The Cocktail Party, 1965. Alex Katz
By James Dacey
It’s been compared to a cocktail party where multiple conversations, all taking place at once, result in that familiar cacophony of chitchat. Some people thrive in this environment, while others feel jarred, but eventually we all drag ourselves along to one because we know that’s the real place to hear the interesting stuff for our careers.
Researchers need to get themselves onto Twitter pronto because it is fast becoming the place to find out the breakthroughs in your research field. That was the take-home message from Bora Zivkovic, the online community manager of the journal PLoS ONE, who was speaking today on the penultimate morning of the AAAS conference in San Diego.
Zivkovic, who was an entertaining speaker with a nice dry sense of humour, admits that the popular microblogging site does play host to a lot of inane chitter. He insists, however, that so long as you are selective about whom you “follow”, you can build up a very helpful bunch of online colleagues. He is a bioscientist by training, and described how he uses Twitter each day to catch up on how colleagues’ research is developing and to see what key publications and events are taking place that day.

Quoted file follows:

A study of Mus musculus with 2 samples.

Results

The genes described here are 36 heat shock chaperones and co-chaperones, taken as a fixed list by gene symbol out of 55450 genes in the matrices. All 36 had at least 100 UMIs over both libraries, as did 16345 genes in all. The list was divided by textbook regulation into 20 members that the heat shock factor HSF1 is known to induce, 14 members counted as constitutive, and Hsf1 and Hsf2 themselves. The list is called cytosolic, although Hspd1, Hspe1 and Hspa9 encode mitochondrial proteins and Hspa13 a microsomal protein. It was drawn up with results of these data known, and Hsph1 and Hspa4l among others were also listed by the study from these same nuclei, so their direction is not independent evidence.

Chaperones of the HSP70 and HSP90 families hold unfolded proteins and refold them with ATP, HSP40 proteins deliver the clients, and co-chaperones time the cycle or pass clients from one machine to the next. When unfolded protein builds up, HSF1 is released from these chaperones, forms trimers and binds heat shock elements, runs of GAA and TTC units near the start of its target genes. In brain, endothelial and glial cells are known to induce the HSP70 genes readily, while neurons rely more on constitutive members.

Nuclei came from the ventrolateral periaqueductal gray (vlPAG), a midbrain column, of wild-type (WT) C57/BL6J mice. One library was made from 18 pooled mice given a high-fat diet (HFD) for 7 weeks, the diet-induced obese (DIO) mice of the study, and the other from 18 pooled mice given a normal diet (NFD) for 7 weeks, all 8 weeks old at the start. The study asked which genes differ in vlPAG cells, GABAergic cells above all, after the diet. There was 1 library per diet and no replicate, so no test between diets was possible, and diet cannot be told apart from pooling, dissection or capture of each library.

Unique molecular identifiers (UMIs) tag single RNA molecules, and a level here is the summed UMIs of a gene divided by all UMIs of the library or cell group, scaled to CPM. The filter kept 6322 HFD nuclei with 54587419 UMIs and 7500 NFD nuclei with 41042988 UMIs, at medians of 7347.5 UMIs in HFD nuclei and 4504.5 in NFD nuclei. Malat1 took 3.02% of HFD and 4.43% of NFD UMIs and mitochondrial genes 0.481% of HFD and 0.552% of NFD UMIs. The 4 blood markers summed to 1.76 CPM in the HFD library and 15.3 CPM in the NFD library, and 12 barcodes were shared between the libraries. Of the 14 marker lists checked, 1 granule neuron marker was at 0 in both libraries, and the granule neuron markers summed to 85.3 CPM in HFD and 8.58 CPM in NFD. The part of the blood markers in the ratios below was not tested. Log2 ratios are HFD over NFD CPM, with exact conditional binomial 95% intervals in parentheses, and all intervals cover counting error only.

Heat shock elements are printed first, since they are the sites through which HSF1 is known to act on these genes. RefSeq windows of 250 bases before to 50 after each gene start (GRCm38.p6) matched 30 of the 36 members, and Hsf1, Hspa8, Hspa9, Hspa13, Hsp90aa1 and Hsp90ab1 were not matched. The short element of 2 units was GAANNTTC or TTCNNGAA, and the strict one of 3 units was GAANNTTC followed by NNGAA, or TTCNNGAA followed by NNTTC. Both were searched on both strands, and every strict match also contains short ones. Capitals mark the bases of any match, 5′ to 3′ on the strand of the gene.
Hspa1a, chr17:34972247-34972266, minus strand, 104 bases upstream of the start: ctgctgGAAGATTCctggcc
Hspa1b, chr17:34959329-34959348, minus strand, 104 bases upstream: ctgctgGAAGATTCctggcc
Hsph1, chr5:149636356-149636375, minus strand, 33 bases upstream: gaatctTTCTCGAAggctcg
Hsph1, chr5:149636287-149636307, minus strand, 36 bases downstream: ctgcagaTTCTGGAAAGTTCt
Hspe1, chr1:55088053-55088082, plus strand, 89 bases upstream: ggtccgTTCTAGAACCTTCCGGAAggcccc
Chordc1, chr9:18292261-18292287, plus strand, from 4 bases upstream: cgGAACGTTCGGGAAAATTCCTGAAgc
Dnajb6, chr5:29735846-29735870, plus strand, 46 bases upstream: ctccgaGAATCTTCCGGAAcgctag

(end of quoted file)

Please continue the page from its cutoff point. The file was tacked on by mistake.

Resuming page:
One flabbergasted member of the audience took issue with Zivkovic, saying that with “only 24 hours in a day” there is simply not enough time to uphold a professional reputation online. Zivkovic conceded that not every every social networking site is right for everyone, but he is convinced that Twitter is different, arguing that its simplicity and benefits make it worth the investment of time. “It’s just like e-mail – in 10 years you won’t remember what it was like to have lived without Twitter,” he said.
At the end of the session, entitled Science 2.0: From Tweet Through Blog to Book, you could be forgiven for thinking that Zivkovic is being paid by Twitter to say all these nice things about their site. I don’t think he is, but he’s certainly infatuated with the online cocktail party. So join him there or be square, maybe.